Under the headline, ‘Sanders Surges, Clinton Sags,’ Gallup on Friday released new survey data showing that the two-leading Democratic nominees are currently heading in opposite directions when it comes to favorability ratings among likely U.S. voters with the grassroots populism of the Sanders’ campaign outshining the strong name recognition and more centrist policies of Clinton.
According to the latest polling, Sanders’ favorability rating has doubled since March (from 12% to 24%), while people’s positive perception of Clinton has fallen five percentage points since the questions were asked about her candidacy in April.
While Sander’s unfavorability rating has also risen slightly, Clinton experienced her worst performance yet on that score since 2007, with 47% of respondents who were able to make a judgement saying they think of her negatively. Overall, Clinton’s negativity rating of 46% percent is now higher than her favorability rating of 43%.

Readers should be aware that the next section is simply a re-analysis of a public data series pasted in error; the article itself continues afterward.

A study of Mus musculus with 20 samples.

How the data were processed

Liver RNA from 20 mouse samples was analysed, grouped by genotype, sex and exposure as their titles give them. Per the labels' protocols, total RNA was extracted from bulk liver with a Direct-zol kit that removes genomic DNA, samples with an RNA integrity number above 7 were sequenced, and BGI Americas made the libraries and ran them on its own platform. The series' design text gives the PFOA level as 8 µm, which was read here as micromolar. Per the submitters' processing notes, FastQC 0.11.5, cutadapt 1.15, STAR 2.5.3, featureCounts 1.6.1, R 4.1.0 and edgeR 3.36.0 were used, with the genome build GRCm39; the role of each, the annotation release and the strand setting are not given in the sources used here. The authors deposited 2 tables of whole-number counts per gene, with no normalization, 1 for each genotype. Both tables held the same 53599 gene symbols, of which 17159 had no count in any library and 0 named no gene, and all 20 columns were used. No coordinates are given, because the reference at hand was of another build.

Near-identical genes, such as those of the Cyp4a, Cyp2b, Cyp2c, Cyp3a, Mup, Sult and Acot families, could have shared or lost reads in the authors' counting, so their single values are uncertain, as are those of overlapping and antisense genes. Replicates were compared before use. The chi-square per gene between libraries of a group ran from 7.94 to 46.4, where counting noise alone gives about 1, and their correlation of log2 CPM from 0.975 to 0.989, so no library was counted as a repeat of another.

Trends aside, overall favorability rating for Clinton is twice that of Sanders. However, Gallup notes that as name recognition for Sanders has grown nationwide, people are gravitating towards his message of combatting economic inequality, climate change, and the outsized influence of money in politics. “Sanders is still an unknown to a majority of Americans,” notes Gallup, “with just 44% able to rate him compared with Clinton’s 89%.”
The bottom line, said Gallup‘s Lydia Saad, is that even as Clinton’s “national image has taken a slight turn for the worse, which is also evident in her image among Democrats,” she continues to be the “only Democratic candidate for president with a national name” and is standing “head and shoulders above her next closest competitor—Sanders—in popularity for the presidential nomination.”